Thursday, 7 March 2013

Review ~ Fragments ~ Dan Wells

Title: Fragments

Author: Dan Wells

Published: 29th March 2013

By: HarperCollinsUK

Source: netgalley

First line: “Raise a glass” said Hector “to the best officer in new America.”

Last line:  Ariel watched the child and trembled.

Fave line: “I’m the last human being on the planet.”

I’m a huge fan of dystopian series and fell in love with Partials because it had a depth to it that few YA dystopian novels do.  Dan Wells write books that you have to read at a certain pace.  You can’t rush through the text as you can with so many series because there’s so much information in each line you know that if you rush it you’re gonna lose the plot (quite literally!).

The same is certainly true for Fragments. When we left Kira at the end of Partials she was going in search of the trust on the recommendation of Nandita.  She’s also struggling of who she is, something she hasn’t been able to ascertain so far and she’s looking for answers.  She wants to find out what role the Trust, Paragen and the Partials have to play in the cure to the disease that plagues humans and she has to go on one hell of a journey to do it.  We also have the viewpoint of Marcus in this book.  Marcus was I thought a bit of a wallflower in Partials but I think he really comes into his own in the sequel. When Dr Morgan’s Partials raid East Meadow Marcus becomes a part of the newly formed unit that through various spoilery methods works to protect East Meadow and the humans that reside there.

At 562 pages this is one hell of a read! There are a range of themes in here that make you pause for thought.  As is the case with many of the political organisations that emerge in dystopian series there are unexpected twists and turns and not everyone is as legitimate as they seem.  Those that claim to be acting for the greater good are often using hideous practices to achieve their goals and through the course of the book the splits between the factions create greater in-fighting and unexpected coalitions.  Experimentation on living subjects and slavery are also topics that rear their ugly head in this instalment. Add to that the biological disasters that threaten the remaining inhabitants of the planet and you’ve got a pretty intense read to get your head around.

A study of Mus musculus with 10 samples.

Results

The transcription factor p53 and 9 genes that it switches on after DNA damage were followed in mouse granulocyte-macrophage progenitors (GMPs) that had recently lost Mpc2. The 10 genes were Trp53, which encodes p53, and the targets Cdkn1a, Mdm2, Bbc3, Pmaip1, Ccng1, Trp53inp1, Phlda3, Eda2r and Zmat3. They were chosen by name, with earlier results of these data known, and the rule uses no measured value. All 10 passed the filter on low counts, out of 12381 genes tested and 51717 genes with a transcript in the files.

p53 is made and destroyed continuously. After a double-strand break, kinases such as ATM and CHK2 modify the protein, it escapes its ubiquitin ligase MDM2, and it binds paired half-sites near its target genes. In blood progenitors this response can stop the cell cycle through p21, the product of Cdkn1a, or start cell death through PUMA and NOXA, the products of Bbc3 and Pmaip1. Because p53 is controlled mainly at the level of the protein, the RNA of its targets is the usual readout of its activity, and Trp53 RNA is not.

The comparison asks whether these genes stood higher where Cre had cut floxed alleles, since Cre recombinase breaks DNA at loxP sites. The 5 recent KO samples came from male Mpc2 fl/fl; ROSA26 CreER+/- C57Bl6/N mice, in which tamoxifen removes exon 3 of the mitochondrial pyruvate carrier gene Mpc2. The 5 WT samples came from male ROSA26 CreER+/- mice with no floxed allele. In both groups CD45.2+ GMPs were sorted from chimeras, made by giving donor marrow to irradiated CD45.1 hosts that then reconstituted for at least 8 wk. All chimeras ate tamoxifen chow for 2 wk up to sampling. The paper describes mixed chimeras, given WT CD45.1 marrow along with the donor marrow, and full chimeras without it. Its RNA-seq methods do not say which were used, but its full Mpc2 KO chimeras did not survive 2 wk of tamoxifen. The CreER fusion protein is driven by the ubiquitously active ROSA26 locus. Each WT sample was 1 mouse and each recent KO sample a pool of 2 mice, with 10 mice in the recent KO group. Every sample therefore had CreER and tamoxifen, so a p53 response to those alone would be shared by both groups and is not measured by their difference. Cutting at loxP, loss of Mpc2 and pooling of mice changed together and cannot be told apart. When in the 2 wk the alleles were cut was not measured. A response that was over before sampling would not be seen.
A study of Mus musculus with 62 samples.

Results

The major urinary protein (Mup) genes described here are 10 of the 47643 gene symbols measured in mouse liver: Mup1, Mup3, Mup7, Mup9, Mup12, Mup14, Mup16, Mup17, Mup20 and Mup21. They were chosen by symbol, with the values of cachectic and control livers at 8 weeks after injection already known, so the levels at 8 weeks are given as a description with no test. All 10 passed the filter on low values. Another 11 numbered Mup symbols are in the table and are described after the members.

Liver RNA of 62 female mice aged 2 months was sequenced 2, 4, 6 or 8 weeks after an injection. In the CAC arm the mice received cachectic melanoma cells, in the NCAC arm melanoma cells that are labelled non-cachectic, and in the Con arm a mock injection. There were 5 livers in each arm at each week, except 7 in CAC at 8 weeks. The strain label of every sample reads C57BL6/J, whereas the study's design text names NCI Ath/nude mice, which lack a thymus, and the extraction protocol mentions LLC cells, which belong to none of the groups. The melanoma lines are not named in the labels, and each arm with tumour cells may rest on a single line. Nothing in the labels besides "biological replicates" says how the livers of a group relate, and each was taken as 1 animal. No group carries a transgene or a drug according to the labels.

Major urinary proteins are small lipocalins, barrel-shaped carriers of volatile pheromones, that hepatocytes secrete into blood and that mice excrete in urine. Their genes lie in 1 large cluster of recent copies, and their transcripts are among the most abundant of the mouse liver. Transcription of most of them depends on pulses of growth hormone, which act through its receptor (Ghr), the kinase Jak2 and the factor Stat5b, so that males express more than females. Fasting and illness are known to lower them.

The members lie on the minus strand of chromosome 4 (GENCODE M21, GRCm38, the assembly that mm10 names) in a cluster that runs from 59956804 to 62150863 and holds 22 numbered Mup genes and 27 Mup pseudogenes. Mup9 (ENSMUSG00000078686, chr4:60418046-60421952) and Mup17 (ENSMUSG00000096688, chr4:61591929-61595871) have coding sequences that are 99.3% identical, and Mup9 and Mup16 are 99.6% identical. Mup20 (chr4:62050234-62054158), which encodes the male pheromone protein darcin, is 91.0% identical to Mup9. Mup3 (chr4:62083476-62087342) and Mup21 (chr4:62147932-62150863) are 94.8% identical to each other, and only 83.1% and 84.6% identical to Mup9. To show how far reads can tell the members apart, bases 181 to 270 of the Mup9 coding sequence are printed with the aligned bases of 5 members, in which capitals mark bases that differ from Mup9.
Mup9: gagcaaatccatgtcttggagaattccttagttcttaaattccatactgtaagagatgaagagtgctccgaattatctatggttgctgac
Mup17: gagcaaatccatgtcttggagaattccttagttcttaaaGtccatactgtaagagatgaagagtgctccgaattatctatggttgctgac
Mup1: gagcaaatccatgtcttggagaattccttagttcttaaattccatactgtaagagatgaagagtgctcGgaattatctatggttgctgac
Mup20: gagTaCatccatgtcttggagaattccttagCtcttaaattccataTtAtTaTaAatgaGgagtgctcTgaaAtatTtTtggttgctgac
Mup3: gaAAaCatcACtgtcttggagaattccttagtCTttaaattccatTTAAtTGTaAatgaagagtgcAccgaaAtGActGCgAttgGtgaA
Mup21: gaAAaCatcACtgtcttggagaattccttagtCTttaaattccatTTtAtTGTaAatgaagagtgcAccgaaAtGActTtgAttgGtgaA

The only downside here for me was that the book felt slightly too long in places.  I felt there were certain stages of the story that perhaps didn’t need to be as protracted as they were.  In particular the journey that Kira, Sam, Afa and Heron make across the country seemed to go on for too long and I did knock half a mark off for that reason alone.

The personalities of the main protagonists seem to have evolved from the first instalment. As I stated earlier Marcus really seems to come into his own.  Kira at times seems to be so determined it seems as though she loses sight of the bigger picture whilst trying to fulfil her own needs and Samm seemed to be a weaker character in this book as he spent his time following Kira around like a lap dog. Heron is the real force of nature in Fragments, especially as continues to fight her own corner and thinks nothing of questioning Kira at every opportunity. That said this sequel also has it’s light hearted moments.  I loved Afa, the reclusive eccentric who genuinely believes himself to be the last human on the planet and whilst there is very little in the way of romance in this book there are a few touching moments between Kira and Samm which have to lead somewhere in book three. We see the return of all the familiar characters from Partials, true identities are revealed and the ending? Well, it certainly sets the scene for an explosive finale!

3.5/5      I can’t imagine the last book in this series being anything other than amazing.  Can’t wait to get my hands on it!